Adding and Scripting a ComboBox Component

The first question is complete—now you just have to worry about the next four. Actually, it is not as bad as it appears, because two have been done already (questions 4 and 5), and the other two are remarkably similar to the one you just did.

In the alert layer, click the dot below the eyeball (visibility) icon.

The eyeball icon toggles off the visibility of the error movie clip in the authoring environment. It's hard to work with this movie clip taking up much of the stage! Toggling off its visibility in the authoring environment has no bearing on its behavior in the exported SWF.

Click Frame 10 of the forms layer. From the Components panel, drag in an instance of the ComboBox component. Use the Property inspector to give it an instance name of q2_combo.

The ComboBox component is superficially quite different from the RadioButton component, but under the surface its functionality is quite similar.

In the Parameters tab of the Property inspector, double-click the Data field. In the Values dialog, click the + button, and replace the default text with 999. Repeat this process four more times to create the values a, b, c, and d. Click OK.

You are creating the data values that will be submitted when the user clicks the Next Question button for this screen.

Double-click the Labels field and add five labels. The first value is three spaces, the next four are Cassius, Phlegyas, Brutus, and Judas. Click OK.

You are populating the items that will appear in the ComboBox. Notice that the five labels are correlated to five data values.

Four of these label/data combinations are straightforward, but one might seem odd: the one with three spaces for a label and a data value of 999. This will be the default option, and you'll write the validation script so that if the data entered by the user is 999, you know the user didn't make a selection. You can't test for undefined, like you did with the radio buttons, because a ComboBox always returns a value, even if the user didn't specify one. The value that is returned is the first item by default, so by making the first one a dummy item with a dummy value, you can still verify that the user made a selection.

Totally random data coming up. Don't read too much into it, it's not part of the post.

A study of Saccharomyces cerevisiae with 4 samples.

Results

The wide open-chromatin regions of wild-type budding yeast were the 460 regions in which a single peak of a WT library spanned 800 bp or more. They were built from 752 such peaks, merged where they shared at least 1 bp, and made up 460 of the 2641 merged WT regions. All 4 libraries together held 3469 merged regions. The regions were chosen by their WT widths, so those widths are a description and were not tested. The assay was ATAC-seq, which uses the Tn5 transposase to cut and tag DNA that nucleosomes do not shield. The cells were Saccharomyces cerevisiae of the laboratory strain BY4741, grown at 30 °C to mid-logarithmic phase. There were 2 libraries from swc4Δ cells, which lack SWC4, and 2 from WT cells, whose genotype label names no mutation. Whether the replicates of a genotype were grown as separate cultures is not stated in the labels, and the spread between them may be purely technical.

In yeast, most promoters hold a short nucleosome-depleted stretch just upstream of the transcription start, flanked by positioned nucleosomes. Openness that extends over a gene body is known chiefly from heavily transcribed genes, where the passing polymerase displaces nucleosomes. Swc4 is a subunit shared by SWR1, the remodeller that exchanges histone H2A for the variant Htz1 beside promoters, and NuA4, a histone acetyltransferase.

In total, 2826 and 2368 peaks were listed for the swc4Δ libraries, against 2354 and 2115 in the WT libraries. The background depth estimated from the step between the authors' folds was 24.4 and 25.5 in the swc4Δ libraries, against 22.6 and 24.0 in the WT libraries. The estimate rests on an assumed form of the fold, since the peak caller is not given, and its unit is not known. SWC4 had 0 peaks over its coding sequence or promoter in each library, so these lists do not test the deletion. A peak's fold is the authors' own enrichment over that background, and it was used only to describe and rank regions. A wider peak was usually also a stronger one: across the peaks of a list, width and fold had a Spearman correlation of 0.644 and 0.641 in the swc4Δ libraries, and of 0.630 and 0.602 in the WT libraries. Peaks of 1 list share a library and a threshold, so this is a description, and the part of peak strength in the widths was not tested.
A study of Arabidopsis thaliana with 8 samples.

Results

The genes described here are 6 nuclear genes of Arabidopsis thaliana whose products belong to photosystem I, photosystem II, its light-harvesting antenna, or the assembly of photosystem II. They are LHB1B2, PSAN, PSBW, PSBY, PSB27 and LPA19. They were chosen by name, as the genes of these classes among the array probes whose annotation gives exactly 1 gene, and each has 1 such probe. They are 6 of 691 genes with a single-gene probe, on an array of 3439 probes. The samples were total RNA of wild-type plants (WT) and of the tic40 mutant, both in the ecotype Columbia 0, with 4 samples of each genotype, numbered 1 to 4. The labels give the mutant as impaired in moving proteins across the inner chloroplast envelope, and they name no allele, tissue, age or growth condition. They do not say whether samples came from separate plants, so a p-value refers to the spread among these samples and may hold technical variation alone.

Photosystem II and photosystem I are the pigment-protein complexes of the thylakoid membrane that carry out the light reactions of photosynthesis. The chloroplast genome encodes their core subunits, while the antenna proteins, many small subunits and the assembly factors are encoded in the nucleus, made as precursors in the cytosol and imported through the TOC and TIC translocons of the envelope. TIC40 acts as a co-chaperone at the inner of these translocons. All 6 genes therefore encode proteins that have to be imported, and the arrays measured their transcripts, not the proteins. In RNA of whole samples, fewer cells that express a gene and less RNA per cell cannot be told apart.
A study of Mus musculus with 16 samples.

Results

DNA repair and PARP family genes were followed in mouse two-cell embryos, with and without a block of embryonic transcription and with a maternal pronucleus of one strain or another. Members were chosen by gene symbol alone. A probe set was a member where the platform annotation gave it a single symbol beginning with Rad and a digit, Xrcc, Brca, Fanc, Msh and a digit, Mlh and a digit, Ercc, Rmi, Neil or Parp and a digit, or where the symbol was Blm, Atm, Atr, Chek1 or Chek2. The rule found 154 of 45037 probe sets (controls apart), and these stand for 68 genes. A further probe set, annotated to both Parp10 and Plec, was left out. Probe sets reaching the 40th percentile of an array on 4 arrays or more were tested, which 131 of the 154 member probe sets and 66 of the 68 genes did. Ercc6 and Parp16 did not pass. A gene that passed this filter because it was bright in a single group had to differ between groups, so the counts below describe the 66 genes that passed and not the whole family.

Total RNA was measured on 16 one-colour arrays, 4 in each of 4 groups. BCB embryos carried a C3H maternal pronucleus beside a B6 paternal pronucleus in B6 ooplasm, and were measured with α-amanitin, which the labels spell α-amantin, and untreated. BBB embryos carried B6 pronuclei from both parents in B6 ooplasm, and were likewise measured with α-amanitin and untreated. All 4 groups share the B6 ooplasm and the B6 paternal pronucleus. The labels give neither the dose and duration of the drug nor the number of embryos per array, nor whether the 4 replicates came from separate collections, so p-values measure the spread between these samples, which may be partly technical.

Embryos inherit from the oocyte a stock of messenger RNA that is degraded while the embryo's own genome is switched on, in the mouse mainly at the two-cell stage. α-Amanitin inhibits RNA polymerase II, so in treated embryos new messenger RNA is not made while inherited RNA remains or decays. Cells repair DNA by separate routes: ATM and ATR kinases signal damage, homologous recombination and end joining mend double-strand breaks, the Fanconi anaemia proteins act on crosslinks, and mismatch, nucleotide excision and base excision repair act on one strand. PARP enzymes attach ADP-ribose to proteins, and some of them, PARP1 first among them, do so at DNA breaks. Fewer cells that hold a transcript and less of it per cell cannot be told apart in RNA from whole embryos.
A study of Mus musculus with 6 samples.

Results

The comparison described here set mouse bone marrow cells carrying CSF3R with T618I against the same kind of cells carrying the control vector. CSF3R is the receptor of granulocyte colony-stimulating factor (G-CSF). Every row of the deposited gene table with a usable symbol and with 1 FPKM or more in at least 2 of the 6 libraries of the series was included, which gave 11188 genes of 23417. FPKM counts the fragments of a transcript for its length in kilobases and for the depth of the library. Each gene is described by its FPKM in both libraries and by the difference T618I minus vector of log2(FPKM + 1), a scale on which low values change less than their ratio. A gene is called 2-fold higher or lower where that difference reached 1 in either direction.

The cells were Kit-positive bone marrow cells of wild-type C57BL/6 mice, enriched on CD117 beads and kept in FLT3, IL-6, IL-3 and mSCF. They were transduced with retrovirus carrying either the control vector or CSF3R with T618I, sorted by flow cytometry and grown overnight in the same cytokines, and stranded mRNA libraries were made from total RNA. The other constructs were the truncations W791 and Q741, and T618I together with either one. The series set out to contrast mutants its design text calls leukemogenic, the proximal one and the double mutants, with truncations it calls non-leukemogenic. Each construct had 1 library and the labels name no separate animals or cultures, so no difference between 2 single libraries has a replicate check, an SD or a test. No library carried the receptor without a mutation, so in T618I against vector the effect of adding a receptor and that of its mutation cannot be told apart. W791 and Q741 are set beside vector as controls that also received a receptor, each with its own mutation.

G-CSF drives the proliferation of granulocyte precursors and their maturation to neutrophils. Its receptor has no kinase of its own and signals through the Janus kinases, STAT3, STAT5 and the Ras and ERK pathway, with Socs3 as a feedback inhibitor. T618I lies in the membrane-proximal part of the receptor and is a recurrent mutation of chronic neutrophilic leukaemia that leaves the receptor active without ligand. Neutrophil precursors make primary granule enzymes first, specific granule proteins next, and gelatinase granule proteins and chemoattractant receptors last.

With Frame 10 of the forms layer still selected, drag an instance of the Button component to the stage. Give it an instance name of q2_button. Change its label to Next Question.

Put the instance near the bottom of the stage. Remember that the ComboBox is a pop-up menu, and it will expand in size when the user clicks it. By placing this button near the bottom, you leave room for the ComboBox to operate normally.

Now it's time to write the script. Fortunately, it's almost identical to the script you created on the first frame.

In Frame 10 of the actions layer, in the Actions panel, enter the following script (optionally, you can copy the relevant portion of the script from Frame 1 and customize it).

q2_button.onRelease = function() {
  if (q2_combo.selectedItem.data == 999) {
    error_mc._visible = true;
  } else {
    if (q2_combo.selectedItem.data == "b") {
    trace("The current score is " + score);
error_mc.ok_button.onRelease = function() {
  error_mc._visible = false;

This script is almost entirely familiar. You are merely replacing a couple instance names (instead of q1_button, you now use q2_button; likewise you replace q1_radio with q2_combo). In addition, the correct answer is now “b,” rather than “d.” The only other difference is that instead of accessing the data with selection.data, you use selectedItem.data. Macromedia used slightly different method names for equivalent functionalities in the two types of components (RadioButtons and ComboBoxes).

Test the movie.

It's always a good idea to make sure something works before moving to the next task. If you choose the fourth radio button and the second item (“Phlegyas”) in the ComboBox, you should end up with a score of 2.

Now you're ready to put together the third quiz question.